The growing failure of European monetary union can’t be measured by superficial yardsticks such as the number of tiny euro-area economies at risk of meltdown or of monthly turbulence in currency markets. The main development has been the dashing of hopes for monetary stability.
The euro crisis isn’t over and confidence in the European Central Bank has faded. The ECB now presides over a bloated balance sheet that has expanded to about 2 trillion euros ($2.54 trillion) from 1.084 trillion in June 2006 and camouflages the massive creation of monetary reserves.
When the economic recovery accelerates, the ECB -- crippled by a near-insolvent balance sheet -- will fuel asset bubbles by keeping interest rates too low for too long. The next business cycle will be both violent and short. Belief in European monetary stability is now dead.
Let’s go back to the idealist vision at the launch of the euro. The promise was a zone of monetary stability in Europe, insulated, to a large degree, from the raging monetary storms, including most notoriously the Great Inflation of the late 1960s and 1970s, but also featuring a sequence of credit- and asset- market explosions in the 1980s and 1990s.
The visionaries imagined that the ECB would be the reincarnation of Germany’s Bundesbank, bringing the benefits of a hard currency to euro-area citizens. And all of this could happen without the economically strong member countries having to support the weak.
Such idealism had already started to fade when the credit quakes sounded in 2007. The drama of the sovereign-debt crisis this year finally demonstrated that idealism had been an illusion. It wasn’t just a question of German taxpayers waking up to the huge bills for monetary union, but the deep flaws of the ECB and its monetary framework became all too apparent. If it hadn’t been for the monetary ease of 2003-2006 and then the panic provision of mega-liquidity in the following two years, there may not have been a sovereign-debt bubble.
Top ECB officials don’t admit past mistakes any more than their counterparts at the Federal Reserve do. That is a great pity. Instead, the ECB has made much over the years of the euro’s strength and rapid internationalization, maintaining that this demonstrates monetary success. Exchange rates, however, are determined by relativities, not absolutes. The euro is in competition not with a dollar administered by libertarian monetarist ideologues, but by a Fed packed with neo-Keynesians and officials with inflation targets.
Bernanke’s Time Bomb
Last year, the euro surged as Fed Chairman Ben Bernanke planted a giant monetary time bomb known as quantitative easing on the rails of the U.S. economy. Over the past few months, the Fed has been deliberating on whether to add to the size of the bomb, and so the euro has rebounded from its crisis low point.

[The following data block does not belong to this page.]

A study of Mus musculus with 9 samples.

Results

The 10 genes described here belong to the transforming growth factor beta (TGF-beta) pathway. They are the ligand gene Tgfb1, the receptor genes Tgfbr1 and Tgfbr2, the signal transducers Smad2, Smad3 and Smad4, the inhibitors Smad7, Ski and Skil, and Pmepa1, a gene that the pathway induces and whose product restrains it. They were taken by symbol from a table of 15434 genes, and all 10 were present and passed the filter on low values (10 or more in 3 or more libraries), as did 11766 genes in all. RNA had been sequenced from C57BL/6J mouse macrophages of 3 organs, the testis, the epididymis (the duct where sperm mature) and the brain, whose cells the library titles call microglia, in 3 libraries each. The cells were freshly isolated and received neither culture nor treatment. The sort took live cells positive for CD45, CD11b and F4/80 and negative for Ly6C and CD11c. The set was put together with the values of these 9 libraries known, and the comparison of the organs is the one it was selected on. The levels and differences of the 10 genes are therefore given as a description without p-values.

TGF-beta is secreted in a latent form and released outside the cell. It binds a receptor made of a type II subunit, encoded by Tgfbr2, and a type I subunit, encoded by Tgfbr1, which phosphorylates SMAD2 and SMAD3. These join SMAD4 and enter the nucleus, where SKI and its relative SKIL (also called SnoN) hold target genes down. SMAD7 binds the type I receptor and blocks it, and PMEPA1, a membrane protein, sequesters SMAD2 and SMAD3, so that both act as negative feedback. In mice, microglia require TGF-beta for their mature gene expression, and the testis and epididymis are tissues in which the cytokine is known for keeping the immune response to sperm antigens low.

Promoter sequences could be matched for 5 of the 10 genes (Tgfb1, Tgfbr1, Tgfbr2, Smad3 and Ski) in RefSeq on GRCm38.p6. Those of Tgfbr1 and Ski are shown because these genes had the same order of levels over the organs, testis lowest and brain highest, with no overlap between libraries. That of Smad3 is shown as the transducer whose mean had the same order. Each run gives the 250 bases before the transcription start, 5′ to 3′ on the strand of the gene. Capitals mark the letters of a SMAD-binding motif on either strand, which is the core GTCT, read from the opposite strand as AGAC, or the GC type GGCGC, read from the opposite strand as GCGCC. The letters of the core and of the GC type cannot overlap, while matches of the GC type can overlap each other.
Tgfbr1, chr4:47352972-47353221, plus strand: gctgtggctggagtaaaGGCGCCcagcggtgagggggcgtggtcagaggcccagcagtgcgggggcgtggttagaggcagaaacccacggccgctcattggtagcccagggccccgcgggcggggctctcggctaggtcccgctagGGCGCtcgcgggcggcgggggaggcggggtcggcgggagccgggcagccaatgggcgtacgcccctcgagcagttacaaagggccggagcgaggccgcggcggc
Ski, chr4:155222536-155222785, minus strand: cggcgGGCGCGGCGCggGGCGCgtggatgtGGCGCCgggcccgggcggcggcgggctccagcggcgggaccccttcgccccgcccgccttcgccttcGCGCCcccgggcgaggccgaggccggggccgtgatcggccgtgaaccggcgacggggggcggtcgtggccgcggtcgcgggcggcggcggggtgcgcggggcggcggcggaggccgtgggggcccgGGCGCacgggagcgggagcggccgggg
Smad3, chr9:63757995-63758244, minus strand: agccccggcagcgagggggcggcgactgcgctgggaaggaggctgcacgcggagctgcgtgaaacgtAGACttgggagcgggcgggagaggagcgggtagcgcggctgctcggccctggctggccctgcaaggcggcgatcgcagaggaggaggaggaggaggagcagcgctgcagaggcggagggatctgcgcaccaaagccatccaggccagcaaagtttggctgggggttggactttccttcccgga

The ECB claims that, unlike the Fed, it hasn’t resorted to mega money-printing. Yes, in the depths of the sovereign-debt crisis this year it went on a mini-buying spree to support periphery-country debt (and there may be more to follow as the crisis unfolds), but the funds employed were “sterilized” by money-market operations. The ECB issued short-term certificates of deposit at auction to banks with surplus liquidity. And the ECB has used similar means to offset much greater collateralized liquidity through cheap lending in recent years. The total sterilization operation, however, is of dubious quality.
Explosion of Reserves
As the euro-area economy rebounds, with Germany well in the lead among the large countries, banks will eschew such paper in favor of exploiting new high-margin lending opportunities. At that point, the ECB might consider selling its certificates to non-bank investors so as to prevent an explosion of excess reserves. But such investors may be scared off by the rotten condition of the ECB’s balance sheet. A further deterioration in the value of the bonds the ECB has bought to backstop markets might well sway the central bank toward monetary excess.
ECB officials could plausibly find some alternative method to mop up excess reserves -- for example, foreign-exchange swap transactions. But such operations on reserves, even if successful, don’t have the same significance for overall stability as in the days of the pre-euro Bundesbank.
The hardness of the deutsche mark was based on the Bundesbank of the 1970s opting for high reserve requirements, no interest paid on reserves, and tight monetary-base control. The ECB jettisoned all three at the start of monetary union.
Just maintaining excess reserves under control is no substitute for this recipe of stability. Instead there will be the continuing spectacle of the ECB’s giant policy-making committee deliberating each month, on the basis of its economic assessments, whether to make a quarter-point change in its benchmark rate. That departure from Bundesbank monetarist principles fed directly into the instability of the last decade and it will almost certainly do so in the next.
The biggest danger for European monetary stability is that the ECB pins interest rates near zero for too long. As the world economy rebounds, say, into 2011-12, the ECB will have its eyes on those mega-billions it lent to zombie banks and sovereigns. A significant increase in key money-market rates may be the trigger for an even more threatening round of credit quakes.
The attempt to keep Humpty Dumpty together by continuous monetary swamping also means a heightened danger of some new temperature increase in certain asset markets and a continuing sclerosis of the euro-area financial system.
Don’t count on skilful navigation by the ECB.
(Brendan Brown is the author of “Euro Crash: The Implications of Monetary Failure in Europe” and is chief economist at Mitsubishi UFJ Securities International Plc. The opinions expressed are his own.)